Oil prices rebounded from early losses Wednesday following more positive economic news and a government report that showed crude oil supplies shrank last week. After falling as low as $88.10 a barrel, benchmark oil reversed course at midday and went on to settle 92 cents higher at $90.30 a barrel on the New York Mercantile Exchange. Rising oil prices over the past month continue to boost gasoline pump prices. The national average for regular gasoline rose overnight to $3.077 a gallon, according to AAA, Wright Express and the Oil Price Information Service. That's nearly 13 cents more than it was a month ago. Motorists in about half the states in the country pay at least $3.04 a gallon.
U.S. commercial oil supplies fell 1.2 percent to 335.3 million barrels last week, according to the Energy Department. The total is about 2.4 percent above year-ago levels.
Supplies of gasoline and distillates, which include heating oil and diesel fuel, increased last week and remain near or above average stockpiles over the past five years, the Energy Information Administration said.
Oil supplies have dropped in the past six to eight weeks, returning to a level that is closer to normal than it was early last fall, said Michael Lynch, president of Strategic Energy & Economic Research. Investors look not so much at current supply and demand levels but where they're headed, Lynch said. If inventories are declining, investors tend to be more optimistic about future demand.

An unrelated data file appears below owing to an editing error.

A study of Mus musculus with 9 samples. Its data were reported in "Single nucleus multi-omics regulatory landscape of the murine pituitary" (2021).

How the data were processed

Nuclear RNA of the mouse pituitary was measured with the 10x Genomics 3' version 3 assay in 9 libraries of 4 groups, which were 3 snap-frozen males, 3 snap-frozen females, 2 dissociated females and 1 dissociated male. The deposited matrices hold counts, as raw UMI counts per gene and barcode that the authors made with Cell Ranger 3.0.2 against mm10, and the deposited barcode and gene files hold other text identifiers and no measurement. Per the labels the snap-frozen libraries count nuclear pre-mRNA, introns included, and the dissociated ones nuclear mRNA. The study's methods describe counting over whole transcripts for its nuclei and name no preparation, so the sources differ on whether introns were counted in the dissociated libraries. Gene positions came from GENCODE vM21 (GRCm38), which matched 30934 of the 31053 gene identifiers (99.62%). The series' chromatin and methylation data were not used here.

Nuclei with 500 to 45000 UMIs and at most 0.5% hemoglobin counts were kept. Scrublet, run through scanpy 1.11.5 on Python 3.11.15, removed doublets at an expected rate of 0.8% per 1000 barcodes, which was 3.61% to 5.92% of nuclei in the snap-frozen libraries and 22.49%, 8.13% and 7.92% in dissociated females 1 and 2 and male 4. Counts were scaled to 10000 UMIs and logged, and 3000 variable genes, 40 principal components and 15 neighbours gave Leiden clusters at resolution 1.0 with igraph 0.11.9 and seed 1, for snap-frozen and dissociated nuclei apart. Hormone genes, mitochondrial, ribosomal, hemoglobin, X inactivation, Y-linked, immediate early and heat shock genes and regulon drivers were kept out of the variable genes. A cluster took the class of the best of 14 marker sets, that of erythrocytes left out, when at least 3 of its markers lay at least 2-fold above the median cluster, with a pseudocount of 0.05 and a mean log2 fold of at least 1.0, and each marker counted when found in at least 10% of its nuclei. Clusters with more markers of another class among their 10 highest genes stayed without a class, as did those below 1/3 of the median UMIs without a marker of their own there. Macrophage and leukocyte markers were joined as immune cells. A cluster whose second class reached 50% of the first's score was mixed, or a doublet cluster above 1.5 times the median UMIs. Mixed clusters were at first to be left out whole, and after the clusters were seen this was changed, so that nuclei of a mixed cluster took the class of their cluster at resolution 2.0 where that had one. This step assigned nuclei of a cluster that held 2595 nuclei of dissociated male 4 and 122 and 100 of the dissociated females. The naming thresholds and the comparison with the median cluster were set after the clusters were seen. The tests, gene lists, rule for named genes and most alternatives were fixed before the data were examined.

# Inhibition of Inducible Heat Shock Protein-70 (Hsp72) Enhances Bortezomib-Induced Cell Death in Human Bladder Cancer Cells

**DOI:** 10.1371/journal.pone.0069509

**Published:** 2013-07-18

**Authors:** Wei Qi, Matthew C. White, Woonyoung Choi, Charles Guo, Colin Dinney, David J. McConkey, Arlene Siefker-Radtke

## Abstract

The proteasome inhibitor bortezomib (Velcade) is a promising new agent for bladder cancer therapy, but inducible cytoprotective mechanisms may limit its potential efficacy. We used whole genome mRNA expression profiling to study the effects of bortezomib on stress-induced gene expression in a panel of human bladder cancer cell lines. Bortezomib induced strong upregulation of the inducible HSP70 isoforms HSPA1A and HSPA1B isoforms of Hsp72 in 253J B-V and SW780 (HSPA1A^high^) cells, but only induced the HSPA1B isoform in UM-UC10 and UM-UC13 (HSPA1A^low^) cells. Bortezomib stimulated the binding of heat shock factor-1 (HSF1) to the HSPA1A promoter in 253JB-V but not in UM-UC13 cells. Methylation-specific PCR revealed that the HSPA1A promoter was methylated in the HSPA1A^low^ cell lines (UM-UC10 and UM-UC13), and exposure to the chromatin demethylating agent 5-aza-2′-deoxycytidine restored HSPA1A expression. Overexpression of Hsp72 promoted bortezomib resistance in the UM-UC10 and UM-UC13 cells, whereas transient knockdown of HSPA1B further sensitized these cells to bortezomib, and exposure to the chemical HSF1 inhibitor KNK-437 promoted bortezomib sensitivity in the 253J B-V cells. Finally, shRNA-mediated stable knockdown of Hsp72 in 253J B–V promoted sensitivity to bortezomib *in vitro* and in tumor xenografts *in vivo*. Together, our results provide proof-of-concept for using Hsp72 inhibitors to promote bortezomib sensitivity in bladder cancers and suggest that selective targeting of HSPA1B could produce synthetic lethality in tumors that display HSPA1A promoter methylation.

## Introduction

Yet Lynch isn't convinced that oil will hit $100 a barrel this year as other analysts have predicted. "Even with a good economy ... it doesn't seem like the market's going to tighten significantly for oil products," he said. "You've got high inventories and still relatively weak demand."
There was more positive news about the economy on Wednesday. The Institute for Supply Management, a trade group of purchasing executives, said its index of service sector activity rose in December to the highest level in more than four years because of strong consumer demand. The news follows Monday's ISM report that manufacturing activity grew at its fastest pace in seven months.
And the employment picture brightened as payroll processor ADP said private companies added 297,000 jobs in December, almost three times the number economists expected.
In other Nymex trading in February contracts, heating oil added 3.57 cents to settle at $2.5422 a gallon and gasoline gained 3.11 cents to settle at $2.4451 per gallon. February natural gas futures fell 19.6 cents to settle at $4.473 per 1,000 cubic feet.
In London, Brent crude rose $1.97 to settle at $95.50 a barrel on the ICE Futures exchange.